The city’s planning commission unanimously voted 5-0 at its meeting today (Thursday, April 24) to grant the developer the permits it was seeking. Greystar has a 99-year lease with the Wong family that owns the triangular lot.
“I think it is a very good project,” said planning commissioner Michael Antonini, who added it will enhance the entrance “to two of the most charming streets in San Francisco Noe and Sanchez.”
Three retail spaces on the ground floor of the development will front Market Street, while residential units will face Sanchez Street. There will be a rooftop deck for residents and a public bulb out with outdoor seating at ground level along Sanchez Street.
“With the six streets that connect here real opportunity to make a statement here,” said Clark Manus, a co-owner of Heller Manus Architects.
As the Bay Area Reporter had reported on its blog last week, the approval had been expected after Greystar reached a compromise with neighborhood groups and housing activists that had initially raised objections to the project at the corner of Sanchez, Market and 15th streets.
As first proposed, the project next door to the Swedish American Hall would not include any below-market-rate housing on site. Rather than set aside 10 units as affordable housing, Greystar had intended to instead pay an in-lieu fee toward the city’s affordable housing fund.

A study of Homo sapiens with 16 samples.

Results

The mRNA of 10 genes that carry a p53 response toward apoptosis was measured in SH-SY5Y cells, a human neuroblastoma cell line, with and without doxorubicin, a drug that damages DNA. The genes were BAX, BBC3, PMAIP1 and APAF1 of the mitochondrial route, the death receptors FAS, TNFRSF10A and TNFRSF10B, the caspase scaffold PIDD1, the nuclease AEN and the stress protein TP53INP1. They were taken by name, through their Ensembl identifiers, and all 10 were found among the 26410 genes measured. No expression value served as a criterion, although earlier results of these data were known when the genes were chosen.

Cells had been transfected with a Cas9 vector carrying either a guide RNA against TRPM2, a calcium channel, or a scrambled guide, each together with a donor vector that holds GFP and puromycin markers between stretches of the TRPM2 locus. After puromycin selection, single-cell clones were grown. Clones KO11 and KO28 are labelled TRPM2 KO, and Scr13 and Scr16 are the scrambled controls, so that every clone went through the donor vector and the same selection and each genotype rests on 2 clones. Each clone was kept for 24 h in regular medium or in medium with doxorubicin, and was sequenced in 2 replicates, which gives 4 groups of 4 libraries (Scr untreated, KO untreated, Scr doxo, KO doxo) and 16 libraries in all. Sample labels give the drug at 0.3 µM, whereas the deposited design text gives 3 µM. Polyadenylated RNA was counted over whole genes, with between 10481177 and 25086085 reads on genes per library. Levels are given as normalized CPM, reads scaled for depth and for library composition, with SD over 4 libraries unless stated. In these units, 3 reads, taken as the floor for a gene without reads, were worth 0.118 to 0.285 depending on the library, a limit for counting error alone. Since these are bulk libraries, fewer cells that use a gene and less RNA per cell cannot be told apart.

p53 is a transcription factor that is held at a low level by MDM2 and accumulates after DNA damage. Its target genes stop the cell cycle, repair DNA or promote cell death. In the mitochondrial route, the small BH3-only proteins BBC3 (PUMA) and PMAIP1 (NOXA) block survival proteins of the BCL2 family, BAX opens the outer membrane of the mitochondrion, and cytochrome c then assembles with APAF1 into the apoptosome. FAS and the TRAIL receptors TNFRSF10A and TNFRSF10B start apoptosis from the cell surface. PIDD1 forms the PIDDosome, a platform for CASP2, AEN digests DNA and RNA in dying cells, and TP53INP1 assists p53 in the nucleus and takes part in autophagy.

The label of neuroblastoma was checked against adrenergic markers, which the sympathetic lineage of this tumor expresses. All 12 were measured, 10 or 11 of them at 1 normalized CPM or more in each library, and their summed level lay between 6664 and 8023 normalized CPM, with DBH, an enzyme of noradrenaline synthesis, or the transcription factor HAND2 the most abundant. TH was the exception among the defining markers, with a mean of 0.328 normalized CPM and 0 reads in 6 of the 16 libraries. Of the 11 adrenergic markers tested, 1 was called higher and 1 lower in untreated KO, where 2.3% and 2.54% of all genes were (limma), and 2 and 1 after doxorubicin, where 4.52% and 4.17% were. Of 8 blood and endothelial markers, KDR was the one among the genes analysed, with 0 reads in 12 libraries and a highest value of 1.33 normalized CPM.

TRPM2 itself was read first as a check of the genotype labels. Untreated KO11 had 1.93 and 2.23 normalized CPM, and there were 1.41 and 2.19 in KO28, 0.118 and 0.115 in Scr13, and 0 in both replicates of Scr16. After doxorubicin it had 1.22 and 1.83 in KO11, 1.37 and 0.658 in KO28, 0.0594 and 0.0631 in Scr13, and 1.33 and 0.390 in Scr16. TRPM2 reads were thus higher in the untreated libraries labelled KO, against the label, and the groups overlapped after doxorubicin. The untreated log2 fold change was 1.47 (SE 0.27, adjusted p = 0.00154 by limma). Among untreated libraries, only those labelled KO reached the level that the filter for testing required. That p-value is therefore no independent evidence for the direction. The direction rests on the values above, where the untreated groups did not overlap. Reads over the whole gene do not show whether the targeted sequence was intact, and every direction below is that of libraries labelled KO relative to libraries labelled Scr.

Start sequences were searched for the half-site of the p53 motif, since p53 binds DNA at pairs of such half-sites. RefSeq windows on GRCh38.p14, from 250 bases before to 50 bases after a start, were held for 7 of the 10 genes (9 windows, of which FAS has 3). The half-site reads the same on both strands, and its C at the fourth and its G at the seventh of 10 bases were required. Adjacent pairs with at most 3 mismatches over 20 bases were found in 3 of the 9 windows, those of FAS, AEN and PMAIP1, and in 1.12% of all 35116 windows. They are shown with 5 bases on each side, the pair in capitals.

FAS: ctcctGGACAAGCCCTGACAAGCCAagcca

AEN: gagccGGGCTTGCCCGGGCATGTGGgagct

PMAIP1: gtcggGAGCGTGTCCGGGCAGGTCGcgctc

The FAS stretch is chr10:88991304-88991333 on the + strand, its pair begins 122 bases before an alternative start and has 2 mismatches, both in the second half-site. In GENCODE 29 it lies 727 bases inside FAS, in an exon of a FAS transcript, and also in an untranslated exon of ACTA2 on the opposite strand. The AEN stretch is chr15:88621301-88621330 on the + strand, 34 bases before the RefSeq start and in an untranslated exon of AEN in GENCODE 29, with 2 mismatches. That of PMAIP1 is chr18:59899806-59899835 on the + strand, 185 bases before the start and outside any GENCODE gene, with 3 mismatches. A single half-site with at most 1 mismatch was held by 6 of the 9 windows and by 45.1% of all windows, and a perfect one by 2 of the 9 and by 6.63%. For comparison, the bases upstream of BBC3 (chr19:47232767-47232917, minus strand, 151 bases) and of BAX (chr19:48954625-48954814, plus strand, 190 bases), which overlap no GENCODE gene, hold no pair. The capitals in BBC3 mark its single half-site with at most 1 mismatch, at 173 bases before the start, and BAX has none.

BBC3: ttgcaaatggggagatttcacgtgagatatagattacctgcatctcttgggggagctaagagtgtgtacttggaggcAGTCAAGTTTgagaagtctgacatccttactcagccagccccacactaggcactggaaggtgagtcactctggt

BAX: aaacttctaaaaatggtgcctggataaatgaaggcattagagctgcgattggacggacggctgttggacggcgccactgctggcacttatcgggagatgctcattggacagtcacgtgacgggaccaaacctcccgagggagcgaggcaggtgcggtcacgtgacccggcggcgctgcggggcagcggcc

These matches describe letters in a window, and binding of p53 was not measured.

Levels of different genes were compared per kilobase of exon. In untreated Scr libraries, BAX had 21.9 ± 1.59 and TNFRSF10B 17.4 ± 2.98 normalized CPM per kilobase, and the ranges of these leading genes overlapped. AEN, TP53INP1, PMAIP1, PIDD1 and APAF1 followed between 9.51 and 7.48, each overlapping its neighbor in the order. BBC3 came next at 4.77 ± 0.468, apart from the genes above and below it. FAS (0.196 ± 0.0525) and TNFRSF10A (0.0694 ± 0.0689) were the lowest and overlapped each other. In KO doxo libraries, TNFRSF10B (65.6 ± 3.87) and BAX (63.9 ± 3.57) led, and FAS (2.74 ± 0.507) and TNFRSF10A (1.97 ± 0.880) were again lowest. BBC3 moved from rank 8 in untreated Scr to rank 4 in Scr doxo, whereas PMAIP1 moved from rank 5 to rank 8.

That decision was met with vociferous objections from nearby residents and housing activists who threatened to oppose the project if it did not include the BMR units on-site. With low-income seniors, youth and people living with HIV and AIDS priced out of the area, the parcel offered a rare opportunity to provide such residents a way to afford to live in the Castro district.
Eventually, Greystar reversed course and not only agreed to include on-site BMR units but also adopted a national LGBT non-discrimination policy covering all of its properties. Those actions cleared the way for the development to win the backing of a number of neighborhood groups.
“I am very happy it will bring so called affordable units to our neighborhood,” said David Troup, treasurer of the Duboce Triangle Neighborhood Association, which worked closely with Greystar over the last year and a half to reach the compromise. “Many developers choose to pay the affordable housing fee; while that has benefits to the city, it does nothing to preserve diversity in our neighborhood.”
Greystar’s adoption of the non-discrimination policy set a precedent that gay District 9 Supervisor David Campos hopes other developers will follow. In March Campos introduced an ordinance that would require any national developer wishing to build residential projects with 10 or more units in San Francisco to disclose if they also prohibit LGBT discrimination.
It has yet to be calendered for a hearing, however, before the Board of Supervisors. Campos’ office expects it to take place in the coming months.